Finish and its subcategories

Aftertaste / Afterflavour

Aftertaste is really afterflavour. Taste relates to a series of stimuli that are only experienced on the tongue, cheeks, lips, gums etc, whereas afterflavour refers to the summation of the total smell and taste experience. Aftertaste / afterflavour is also often referred to as the Farewell, which is another term used to describe the sensations that remain in the mouth after swallowing a wine. Afterflavour, like length, is measured in time:

Neutral 0 sec
Cask wine 1-2 sec
Commercial wine 3-4 sec
Good commercial wine 5-6 sec
Complex 8-10 sec
Very complex 10-15 sec
Multi layered 15-20 sec
Memorable 20 plus sec



Balance refers to the juxtaposition of the wines component parts and is an expression of their harmony and ability to co-exist in a way that leads to the greatness of a wine. Fruit, acid, tannins, oak, texture flavour should all be present and create an impression of harmony. If one component is present in a dominant manner, the likelihood will be that the wine will be out of balance and remain so for the duration of its bottle life.

Tannin / Phenolics

Tannins are complex organic compounds that are imparted into the final wine from the skins and pips of grapes (grape tannins). Tannins manifest themselves on the gums of teeth and provide for a dry finish. There are varying degrees of tannins, based on the tannin compound; some are hard and others appear very soft and indiscernible.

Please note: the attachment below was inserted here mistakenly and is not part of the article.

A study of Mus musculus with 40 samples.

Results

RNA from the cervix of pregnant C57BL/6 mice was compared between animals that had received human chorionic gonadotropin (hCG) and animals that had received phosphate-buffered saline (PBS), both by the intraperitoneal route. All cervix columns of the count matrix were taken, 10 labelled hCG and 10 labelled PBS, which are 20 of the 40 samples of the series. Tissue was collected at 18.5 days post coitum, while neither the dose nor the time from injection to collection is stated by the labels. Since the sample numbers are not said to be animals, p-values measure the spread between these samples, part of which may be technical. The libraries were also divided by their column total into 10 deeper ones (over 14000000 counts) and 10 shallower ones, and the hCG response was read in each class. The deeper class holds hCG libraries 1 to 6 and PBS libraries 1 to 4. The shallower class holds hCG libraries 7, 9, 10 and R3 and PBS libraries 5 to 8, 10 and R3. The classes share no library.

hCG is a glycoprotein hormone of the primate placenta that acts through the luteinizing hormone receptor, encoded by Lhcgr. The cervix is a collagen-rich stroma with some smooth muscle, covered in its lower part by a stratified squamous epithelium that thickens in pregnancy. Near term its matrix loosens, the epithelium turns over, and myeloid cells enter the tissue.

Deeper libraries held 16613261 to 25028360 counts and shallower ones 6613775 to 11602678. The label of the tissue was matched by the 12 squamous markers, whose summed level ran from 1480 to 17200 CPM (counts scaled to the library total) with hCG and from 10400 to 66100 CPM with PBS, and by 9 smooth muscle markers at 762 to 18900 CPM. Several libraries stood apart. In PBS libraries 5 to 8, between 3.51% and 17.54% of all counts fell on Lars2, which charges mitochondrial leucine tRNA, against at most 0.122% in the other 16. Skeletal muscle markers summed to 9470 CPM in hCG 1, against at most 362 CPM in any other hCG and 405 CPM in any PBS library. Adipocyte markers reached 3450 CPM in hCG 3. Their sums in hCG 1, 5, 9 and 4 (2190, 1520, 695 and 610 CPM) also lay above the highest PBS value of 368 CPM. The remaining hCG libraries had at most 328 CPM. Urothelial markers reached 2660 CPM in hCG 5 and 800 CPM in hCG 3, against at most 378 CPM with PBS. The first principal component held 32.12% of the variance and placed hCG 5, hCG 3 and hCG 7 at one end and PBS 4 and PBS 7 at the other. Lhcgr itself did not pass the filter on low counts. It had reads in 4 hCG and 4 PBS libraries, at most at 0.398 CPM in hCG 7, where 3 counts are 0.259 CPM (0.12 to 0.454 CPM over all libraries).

Tannins can be softened by allowing the wine to macerate on skins post fermentation for up to one month or more. The result is silky smooth tannins, as can be experienced in the wines of Jasper Hill reds or Thomson 1869 vines Family Shiraz.

Grape tannins convey fullness of body and provide a wine with a degree of grip. Tannins act as a preservative, and are necessary if a wine is to be cellared for any length of time.

A wine with excessive tannin will not precipitate the tannins at a faster rate than the maturation of the wine's other components; hence, out of balance in youth, out of balance for ever.

Tannins can also be introduced into a wine from oak cask maturation, and wood tannins usually express themselves as a prickling sensation on the cheeks.

When tasting a number of red wines, tannin fatigue can build up quickly and create an exaggerated impression of the wine. It is wise to take a rest, drink some soda water or plain water and then resume tasting.


Phenolics are hard bitter compounds that can be found on the back palate and are due to excessive skin contact particularly in white wine, or over extracting the juice during pressing.


Acid levels are indicated by the tartness or sharpness of the taste of a wine. The two main types of acids in wine are tartaric and malic. It is important to achieve a balanced level of acidity in a wine. A wine with low acidity will taste flat whilst a wine with excessive acidity will have a very 'sharp' or 'sour' taste. Acidity needs to be in balance with other components of the wine and is usually experienced at the back of the palate.

For detailed examination on the relationships of acidity and pH refer to the section on pH of wines, and how it impacts upon colour.